Thursday, July 01, 2010
Barry Chabala gave a solo performance last evening in a room in St. Mark's Church, Manhattan. Although he'd mentioned to me some of the selections beforehand, the concert was presented as a single, uninterrupted set, so it wasn't until afterward that I was able to get a picture of the structure.
Throughout, field recordings were heard, beginning with one by James Connell made in NYC, that included subways, Yankee fans, "Take Five" and other archetypal New York sounds. I knew that a couple of Michael Pisaro's "Transparent Cities" works were to be part of the program and was momentarily confused, both by the NYC-nature of the sounds (Pisaro's recordings having been done in and around LA) and the rather loud, harsh single notes limned by Chabala which stood out quite a bit, much more so than the sine tones in Pisaro's original recording. So there was a bit of misunderstanding on my part.
As well, it turned out that Chabala was interpolating parts of Pisaro's "Mind is Moving" during the entire evening, further "muddying" the waters. In any case, when he moved into the "Transparent Cities" pieces (nos 8 & 21), things settled more into the vein I'd expected, though again, his guitar, whether softly plucked or excited by an e-bow, remained somewhat more prominent than the sine waves one had become used to in the Wandelweiser releases. But the integration with the taped sounds felt true and slid for the first time--very, very nice.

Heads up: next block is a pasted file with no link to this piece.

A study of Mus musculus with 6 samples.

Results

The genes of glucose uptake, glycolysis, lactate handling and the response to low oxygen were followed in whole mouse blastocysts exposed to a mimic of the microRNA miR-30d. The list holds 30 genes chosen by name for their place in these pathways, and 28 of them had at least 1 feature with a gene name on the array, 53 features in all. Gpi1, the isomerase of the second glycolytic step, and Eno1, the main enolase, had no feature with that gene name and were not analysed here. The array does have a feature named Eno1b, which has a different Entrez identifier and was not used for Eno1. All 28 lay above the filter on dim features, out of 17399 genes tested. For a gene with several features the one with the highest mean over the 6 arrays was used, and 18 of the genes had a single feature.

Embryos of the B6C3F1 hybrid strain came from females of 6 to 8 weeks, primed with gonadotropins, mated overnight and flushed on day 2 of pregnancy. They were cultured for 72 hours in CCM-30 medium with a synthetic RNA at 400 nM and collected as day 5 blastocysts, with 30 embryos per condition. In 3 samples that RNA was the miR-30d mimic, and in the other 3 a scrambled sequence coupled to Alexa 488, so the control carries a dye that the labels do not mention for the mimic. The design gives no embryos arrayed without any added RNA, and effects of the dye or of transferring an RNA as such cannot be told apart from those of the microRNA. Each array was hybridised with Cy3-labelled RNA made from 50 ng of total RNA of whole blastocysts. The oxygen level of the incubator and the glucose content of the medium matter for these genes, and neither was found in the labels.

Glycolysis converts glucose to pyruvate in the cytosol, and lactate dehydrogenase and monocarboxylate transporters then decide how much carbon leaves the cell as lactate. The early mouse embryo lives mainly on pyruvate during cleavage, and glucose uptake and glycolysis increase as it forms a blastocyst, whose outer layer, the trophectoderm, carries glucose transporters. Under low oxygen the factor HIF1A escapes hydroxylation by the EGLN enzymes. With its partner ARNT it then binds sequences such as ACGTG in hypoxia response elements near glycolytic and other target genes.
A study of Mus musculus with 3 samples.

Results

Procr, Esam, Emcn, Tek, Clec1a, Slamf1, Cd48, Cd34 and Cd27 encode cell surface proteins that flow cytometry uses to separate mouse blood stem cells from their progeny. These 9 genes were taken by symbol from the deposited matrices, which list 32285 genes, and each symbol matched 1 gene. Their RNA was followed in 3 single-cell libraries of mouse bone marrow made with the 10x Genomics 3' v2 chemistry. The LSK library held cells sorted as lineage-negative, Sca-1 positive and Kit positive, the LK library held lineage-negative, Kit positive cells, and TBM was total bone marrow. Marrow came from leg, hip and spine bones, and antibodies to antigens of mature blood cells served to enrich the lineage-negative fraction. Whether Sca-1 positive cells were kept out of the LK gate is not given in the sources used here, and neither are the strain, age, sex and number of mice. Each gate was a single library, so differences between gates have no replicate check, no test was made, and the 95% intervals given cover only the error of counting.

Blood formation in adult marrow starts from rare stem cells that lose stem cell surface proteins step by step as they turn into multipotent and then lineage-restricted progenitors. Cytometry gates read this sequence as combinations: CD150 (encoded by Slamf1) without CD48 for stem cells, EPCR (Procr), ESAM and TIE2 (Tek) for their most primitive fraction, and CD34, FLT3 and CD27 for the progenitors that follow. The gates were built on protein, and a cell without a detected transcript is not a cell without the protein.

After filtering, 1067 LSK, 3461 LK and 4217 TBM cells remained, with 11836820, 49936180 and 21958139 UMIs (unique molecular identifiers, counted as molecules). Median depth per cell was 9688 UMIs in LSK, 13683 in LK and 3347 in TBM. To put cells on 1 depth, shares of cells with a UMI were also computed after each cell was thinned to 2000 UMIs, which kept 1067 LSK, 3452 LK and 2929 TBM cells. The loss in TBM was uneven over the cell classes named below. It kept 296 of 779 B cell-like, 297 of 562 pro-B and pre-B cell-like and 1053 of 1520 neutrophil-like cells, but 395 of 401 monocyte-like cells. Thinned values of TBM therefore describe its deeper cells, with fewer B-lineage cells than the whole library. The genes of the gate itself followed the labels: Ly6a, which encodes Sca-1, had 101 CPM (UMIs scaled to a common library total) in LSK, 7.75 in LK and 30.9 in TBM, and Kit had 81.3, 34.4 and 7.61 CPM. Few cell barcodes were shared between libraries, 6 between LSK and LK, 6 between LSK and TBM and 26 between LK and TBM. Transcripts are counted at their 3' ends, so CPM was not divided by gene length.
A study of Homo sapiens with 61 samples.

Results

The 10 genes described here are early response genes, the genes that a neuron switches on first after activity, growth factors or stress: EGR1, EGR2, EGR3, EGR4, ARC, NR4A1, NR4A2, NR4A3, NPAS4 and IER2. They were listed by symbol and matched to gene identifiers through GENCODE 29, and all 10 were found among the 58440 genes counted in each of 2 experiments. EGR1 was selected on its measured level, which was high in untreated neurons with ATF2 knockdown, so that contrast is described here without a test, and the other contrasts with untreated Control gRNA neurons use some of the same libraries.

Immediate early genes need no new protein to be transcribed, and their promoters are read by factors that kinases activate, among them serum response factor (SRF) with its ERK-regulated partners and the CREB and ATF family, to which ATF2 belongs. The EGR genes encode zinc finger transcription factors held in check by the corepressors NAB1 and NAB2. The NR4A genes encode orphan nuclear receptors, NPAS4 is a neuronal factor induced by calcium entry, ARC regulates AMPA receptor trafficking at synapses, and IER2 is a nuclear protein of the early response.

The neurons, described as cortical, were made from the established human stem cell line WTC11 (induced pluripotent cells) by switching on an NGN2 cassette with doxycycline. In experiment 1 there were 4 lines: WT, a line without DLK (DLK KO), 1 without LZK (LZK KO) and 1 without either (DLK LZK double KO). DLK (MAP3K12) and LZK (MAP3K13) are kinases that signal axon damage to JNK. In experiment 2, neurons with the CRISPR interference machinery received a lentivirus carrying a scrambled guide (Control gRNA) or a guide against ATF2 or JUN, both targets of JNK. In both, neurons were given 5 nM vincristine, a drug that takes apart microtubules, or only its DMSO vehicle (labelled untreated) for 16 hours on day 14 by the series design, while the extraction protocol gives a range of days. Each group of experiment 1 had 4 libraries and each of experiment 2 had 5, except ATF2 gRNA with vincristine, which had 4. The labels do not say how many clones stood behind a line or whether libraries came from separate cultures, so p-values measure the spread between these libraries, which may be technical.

As Pisaro uses considerable spans of silence in many of his works, one never was quite sure that a piece had ended. But Chabala soon segued into an area clearly different with Pisaro's "sleep, river, bells, chords" (solo guitar version) which essentially consisted of 12 or so (I glanced at the score but don't recall precisely) four-note rising arpeggios, each (I think) different and each payed rather clearly, with some vibrato, by Chabala over a varying series of field recordings. Even better, the 8 o'clock bells that tolled in St. Mark's church appeared just before a quasi-similar peal emerged from the guitar.
Finally, "Mind Is Moving" emerged again as it had through the evening, now played over a tape by Chabala that included a particularly lovely rain section and the sounds of his two sons, talking.
It was a lot to take in in one gulp and may have benefited a bit by either breaking up the pieces or providing a road map giving the listeners at least a glimmer of the forthcoming structure, but there were beautiful moments strewn through and the very nature of the slow, steady pace caused one to concentrate mightily and really appreciate the sounds, their contrasts and affinities in texture and spatial array. A fine evening.